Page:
Nine Tables, Fast Service, Racket Welcome.

TABLE tennis is an addiction, Saleem Majied confessed one recent Thursday night.
Mr. Majied, 63, who owns his own telecommunications business, said he packed up his 6.5-inch paddle three or four times a week, sometimes five, and journeyed from Crown Heights to Midwood, Brooklyn, to go head-to-head against many of the boroughís top players.

His destination is a nondescript office building on Coney Island Avenue. In the basement, past the parking garage, is the Brooklyn Table Tennis Club, a big room packed with nine tables. There, Mr. Majied joins an eclectic crowd: young and old, Chinese and American, Hasidic and Muslim.

At the popular Thursday and Sunday tournaments, a quiet, collective intensity usually prevails, though the thwock of balls hitting rackets and tables is occasionally punctuated by exclamations and expletives in a variety of languages. Itís very diverse here; we welcome everyone, the clubís founder, Nison Aronov, 46, said. But most hail, as he does, from the former Soviet Union.

Fashionable table tennis lounges like SPiN New York have found a niche in Manhattan in recent years. But Americans still tend to think it is just Ping-Pong, a fun game, said Olga Drabkina, 37, who comes four times a week to train and play. For the players here, though, as in much of the world, table tennis is a serious sport.

And for Mr. Aronov, a Bukharan Jew and native of what is now Tajikistan, the club is more than just a livelihood. If not for table tennis, he said, I would have been a bandit on the street.

Itís a credible claim. Before Mr. Aronov was born, his father left his pregnant mother and three young children. By age 7, Mr. Aronov was on the streets, getting tattoos, stealing and smoking, he said. But after he and his brother discovered table tennis in a local park, he was discovered himself. A man named Valeriy Elnatanov offered to coach him free if he behaved and got good grades. He changed my life completely, Mr. Aronov said.

Mr. Aronov became the top-ranked junior in his homeland, then at 16 the junior champion of the Soviet Union and eventually the adult champion of Tajikistan. With success came money and other privileges, but the end of Soviet rule brought a civil war that eventually left 150,000 dead. In 1993, Mr. Aronov and his wife at the time fled to New York. Driving a taxi and raising two daughters left no free time, and Mr. Aronov didnít play for five years.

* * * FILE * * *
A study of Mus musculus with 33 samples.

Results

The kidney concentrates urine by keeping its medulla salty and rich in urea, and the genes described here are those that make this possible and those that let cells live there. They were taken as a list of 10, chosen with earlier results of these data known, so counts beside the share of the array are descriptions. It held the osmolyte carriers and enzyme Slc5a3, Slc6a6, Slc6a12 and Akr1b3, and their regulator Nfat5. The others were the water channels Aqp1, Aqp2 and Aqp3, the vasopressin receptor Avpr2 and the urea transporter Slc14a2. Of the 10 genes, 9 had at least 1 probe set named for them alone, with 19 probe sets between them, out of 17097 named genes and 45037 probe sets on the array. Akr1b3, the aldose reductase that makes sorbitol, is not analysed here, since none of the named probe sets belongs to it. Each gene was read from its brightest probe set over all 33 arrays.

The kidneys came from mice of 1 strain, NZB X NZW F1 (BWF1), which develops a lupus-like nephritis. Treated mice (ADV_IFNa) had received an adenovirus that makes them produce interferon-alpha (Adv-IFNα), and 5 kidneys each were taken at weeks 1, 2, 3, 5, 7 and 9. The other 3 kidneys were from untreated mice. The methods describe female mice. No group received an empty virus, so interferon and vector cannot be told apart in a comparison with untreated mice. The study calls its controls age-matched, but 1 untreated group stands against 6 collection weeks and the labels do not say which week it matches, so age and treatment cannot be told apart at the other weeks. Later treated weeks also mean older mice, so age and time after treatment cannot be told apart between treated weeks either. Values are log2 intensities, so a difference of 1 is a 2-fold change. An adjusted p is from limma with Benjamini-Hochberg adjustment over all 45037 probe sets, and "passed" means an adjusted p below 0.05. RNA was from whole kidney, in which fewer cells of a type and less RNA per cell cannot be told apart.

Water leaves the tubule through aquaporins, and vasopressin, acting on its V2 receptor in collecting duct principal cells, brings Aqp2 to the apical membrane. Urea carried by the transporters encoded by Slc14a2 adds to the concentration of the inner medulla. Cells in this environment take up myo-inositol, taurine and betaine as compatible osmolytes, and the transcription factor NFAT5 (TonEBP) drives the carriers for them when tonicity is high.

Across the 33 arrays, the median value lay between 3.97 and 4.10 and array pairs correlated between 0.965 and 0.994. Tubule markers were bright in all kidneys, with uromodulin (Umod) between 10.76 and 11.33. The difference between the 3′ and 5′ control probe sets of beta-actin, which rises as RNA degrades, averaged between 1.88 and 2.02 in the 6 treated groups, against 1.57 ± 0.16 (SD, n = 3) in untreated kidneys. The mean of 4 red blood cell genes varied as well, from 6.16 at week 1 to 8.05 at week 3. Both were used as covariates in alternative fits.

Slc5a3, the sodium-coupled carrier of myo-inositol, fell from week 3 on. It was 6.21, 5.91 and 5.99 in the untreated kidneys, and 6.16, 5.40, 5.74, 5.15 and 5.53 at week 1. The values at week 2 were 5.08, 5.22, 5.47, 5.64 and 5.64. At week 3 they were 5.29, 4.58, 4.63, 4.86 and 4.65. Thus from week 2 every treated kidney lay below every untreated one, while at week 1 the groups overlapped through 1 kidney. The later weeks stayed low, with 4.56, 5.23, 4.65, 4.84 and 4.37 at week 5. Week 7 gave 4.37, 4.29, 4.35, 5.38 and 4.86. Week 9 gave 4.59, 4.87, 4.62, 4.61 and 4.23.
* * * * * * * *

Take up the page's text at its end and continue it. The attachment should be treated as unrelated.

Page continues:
After he returned to the table, another Soviet ťmigrť, Dr. Michael Patin, began sponsoring him at tournaments. In 2005, Mr. Aronov reached the United States doubles finals and became the over-40 doubles champion. By that point, Dr. Patin, a successful family practitioner, had also persuaded Mr. Aronov to give up his taxi and open the club, which made its debut in 2003.

Business was so slow initially, Mr. Aronov said, that it was like being in jail, sitting in the windowless room with no customers.

His brother, who had invested in the club, urged him to walk away. But Nison is stubborn, said Dr. Patin, who has been providing financial backing. Mr. Aronov gradually attracted more pupils and coaches, who brought other talented players.
Today, the club has found its footing, and Mr. Aronov offers discounts to those who need help, even dropping the price to zero for some. Michel Levinski, 16, moved with his family to Brooklyn from Israel in October. He was a competitive player there but couldnít afford table time here. So Mr. Aronov not only lets him play free, but also drills Michel without charge, seeing in him a younger version of himself.
If I didnít know him, I would have to drop table tennis, Michel said of his coach. He is my hope.

The Brooklyn Table Tennis Club may be stuck behind a parking garage in the basement of an office building in Midwood, but it still attracts many of the top players in the borough and even beyond. Here, Ludovic Freithofnig, 13, falls to the ground in reaction to his loss against Daniel Katselnik.
The players hail from all over China, Syria, Israel but many are from the former Soviet Union. Whatever their background, they share a strong bond. Table tennis is our religion, Mr. Aronov said.
The players praise Mr. Aronov for his ability to pair people, keeping play moving and groupings competitive during the tournaments and playing matchmaker for players during regular business hours too.
Adar Alguetti, 12, facing the camera, plays his younger brother Gal, 11, during a menís league tournament. The two brothers, along with Galís twin brother, Sharon, compete in the menís league tournaments and often beat many good players.
Phillip Leung, 65, travels from Bensonhurst to Midwood to play in Mr. Aronovís tournaments, held on Thursdays and Sundays.
Sharon Alguetti, 11, celebrates a victory during a menís league tournament. He would go on to lose the tournament against his twin brother, Gal.
Roman Shteynberg, who helps run the facility, towels himself off after a tough match.